Weathering a Storm


washington dc superstorm: big tree down (credit: woodleywonderworks on Flickr)

D.C. is slowly recovering from some of the most destructive complexes of thunderstorms (known as a derecho) to sweep through the area in recent memory. Winds packing gusts of 60-80 mph were especially unkind to our area’s trees. Many medium and large canopy trees were uprooted or suffered loss of branches. Now is the time to inspect trees on and surrounding your property for damage and treat them as necessary.

If you noticed a street tree – a tree located between the sidewalk and street – with any damaged limbs or was completely fallen call the Citywide Comment Line at 311. Be ready to provide them with a street address or intersection of where the damaged tree is located. You will be given a reference number that will allow you to track the request. You can dial 311 on your phone or go to 311.dc.gov to file a request. Alternatively, you can place the service request using the new DC311 smartphone application for Android or iPhone.

If the damaged tree is on private property, the property owner is responsible for the care or removal of the tree. It is important that damaged trees be promptly examined by a certified arborist to determine its structural stability, prevent or treat infection and/or provide restoration pruning. While lawn care professionals are great and potentially more affordable than arborists, they are not tree experts.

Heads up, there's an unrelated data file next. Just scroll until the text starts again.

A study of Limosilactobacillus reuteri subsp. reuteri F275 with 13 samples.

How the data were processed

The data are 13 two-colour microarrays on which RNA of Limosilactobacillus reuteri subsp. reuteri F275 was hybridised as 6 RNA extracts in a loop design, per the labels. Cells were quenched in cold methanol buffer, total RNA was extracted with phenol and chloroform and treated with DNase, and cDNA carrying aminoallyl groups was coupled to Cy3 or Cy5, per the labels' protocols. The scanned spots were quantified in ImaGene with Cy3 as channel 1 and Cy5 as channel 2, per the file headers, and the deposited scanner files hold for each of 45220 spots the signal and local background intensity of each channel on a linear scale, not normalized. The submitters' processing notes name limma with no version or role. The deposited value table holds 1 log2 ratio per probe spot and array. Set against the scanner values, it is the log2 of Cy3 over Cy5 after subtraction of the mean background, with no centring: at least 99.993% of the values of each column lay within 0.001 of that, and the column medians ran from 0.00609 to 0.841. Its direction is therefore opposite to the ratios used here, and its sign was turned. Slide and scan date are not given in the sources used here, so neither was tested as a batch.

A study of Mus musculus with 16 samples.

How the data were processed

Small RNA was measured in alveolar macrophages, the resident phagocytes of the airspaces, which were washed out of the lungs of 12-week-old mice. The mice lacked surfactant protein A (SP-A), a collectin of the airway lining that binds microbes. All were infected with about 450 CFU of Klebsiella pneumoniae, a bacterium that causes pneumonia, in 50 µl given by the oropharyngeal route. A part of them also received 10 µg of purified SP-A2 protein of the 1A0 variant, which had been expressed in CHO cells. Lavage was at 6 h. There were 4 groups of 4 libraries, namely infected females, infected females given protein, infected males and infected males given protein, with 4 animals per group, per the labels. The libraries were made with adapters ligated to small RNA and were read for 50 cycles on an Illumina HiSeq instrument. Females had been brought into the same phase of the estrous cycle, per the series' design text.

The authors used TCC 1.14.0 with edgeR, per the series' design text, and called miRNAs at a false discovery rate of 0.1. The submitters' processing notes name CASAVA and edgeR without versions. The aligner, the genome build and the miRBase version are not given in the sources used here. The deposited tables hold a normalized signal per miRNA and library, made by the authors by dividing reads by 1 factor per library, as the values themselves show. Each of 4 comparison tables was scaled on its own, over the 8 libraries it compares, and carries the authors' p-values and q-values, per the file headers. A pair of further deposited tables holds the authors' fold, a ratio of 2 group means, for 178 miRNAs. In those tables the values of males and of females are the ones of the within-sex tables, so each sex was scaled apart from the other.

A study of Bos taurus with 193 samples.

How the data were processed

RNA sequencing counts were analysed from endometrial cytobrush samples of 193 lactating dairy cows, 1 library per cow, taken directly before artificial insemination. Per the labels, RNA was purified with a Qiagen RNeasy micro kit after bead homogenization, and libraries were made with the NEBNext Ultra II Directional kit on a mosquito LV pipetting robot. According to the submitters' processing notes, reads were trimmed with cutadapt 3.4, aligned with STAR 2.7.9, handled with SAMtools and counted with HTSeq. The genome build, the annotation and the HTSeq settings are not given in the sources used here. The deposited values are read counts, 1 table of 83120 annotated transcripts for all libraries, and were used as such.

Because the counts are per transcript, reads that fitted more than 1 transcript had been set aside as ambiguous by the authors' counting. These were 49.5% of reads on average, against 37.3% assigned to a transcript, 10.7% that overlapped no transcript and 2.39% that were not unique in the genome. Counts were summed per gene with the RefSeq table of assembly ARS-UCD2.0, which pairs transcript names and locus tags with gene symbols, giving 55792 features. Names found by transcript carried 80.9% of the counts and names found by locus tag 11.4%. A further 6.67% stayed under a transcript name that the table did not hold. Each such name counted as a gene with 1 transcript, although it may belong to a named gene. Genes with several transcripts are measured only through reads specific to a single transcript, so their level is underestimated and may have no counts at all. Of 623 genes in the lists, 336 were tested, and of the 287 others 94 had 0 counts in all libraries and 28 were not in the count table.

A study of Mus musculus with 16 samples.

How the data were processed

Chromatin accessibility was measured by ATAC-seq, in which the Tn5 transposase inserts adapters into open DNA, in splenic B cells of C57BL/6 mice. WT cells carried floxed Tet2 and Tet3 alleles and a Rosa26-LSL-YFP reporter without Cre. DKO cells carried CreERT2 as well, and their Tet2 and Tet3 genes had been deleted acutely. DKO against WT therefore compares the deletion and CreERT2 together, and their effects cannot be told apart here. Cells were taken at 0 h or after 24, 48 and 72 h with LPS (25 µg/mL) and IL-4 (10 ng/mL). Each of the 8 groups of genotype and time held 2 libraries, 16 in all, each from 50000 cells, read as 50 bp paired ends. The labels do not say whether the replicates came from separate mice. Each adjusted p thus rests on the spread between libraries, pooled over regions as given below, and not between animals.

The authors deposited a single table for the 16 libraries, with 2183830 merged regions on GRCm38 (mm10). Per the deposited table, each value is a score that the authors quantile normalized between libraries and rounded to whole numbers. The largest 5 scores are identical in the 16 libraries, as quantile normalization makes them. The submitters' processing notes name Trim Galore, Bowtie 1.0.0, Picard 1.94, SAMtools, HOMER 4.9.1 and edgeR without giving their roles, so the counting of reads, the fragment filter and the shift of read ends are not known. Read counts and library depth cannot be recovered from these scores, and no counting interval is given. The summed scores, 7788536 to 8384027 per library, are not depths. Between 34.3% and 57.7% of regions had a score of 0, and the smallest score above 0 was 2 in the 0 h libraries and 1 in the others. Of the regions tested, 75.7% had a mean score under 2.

If a large tree has lost or damaged branches, its food source may irreparably damaged. The amount of food a tree can generate for itself is based on its leaf surface. Less leaf surface, less food. Simply removing the branches may be futile if the tree will not be able to sustain itself. A certified arborist can tell you the likelihood of it surviving.

A tree can also generate several sprouts to compensate for the loss of branches. These shoots compete with one another for nutrients and threaten a tree’s structure and stability. A certified arborist will be able to select which shoot to make the lead and over time prune the rest.

Lastly if a branch break is left exposed you are putting out a welcome mat out for infections. Remember, trees are just like any other living organism and can develop infections. They are not immune. A certified arborist can determine where to cut the branch back to so the most foliage – its food maker – can be kept.

As D.C. cleans up, we will post tips and resources on our blog throughout the week to help you assess whether your damaged tree can be saved, how to prepare your trees for future storms and how to replace lost or damaged trees at no or minimal cost.

Photo credit: woodleywonderworks on Flickr.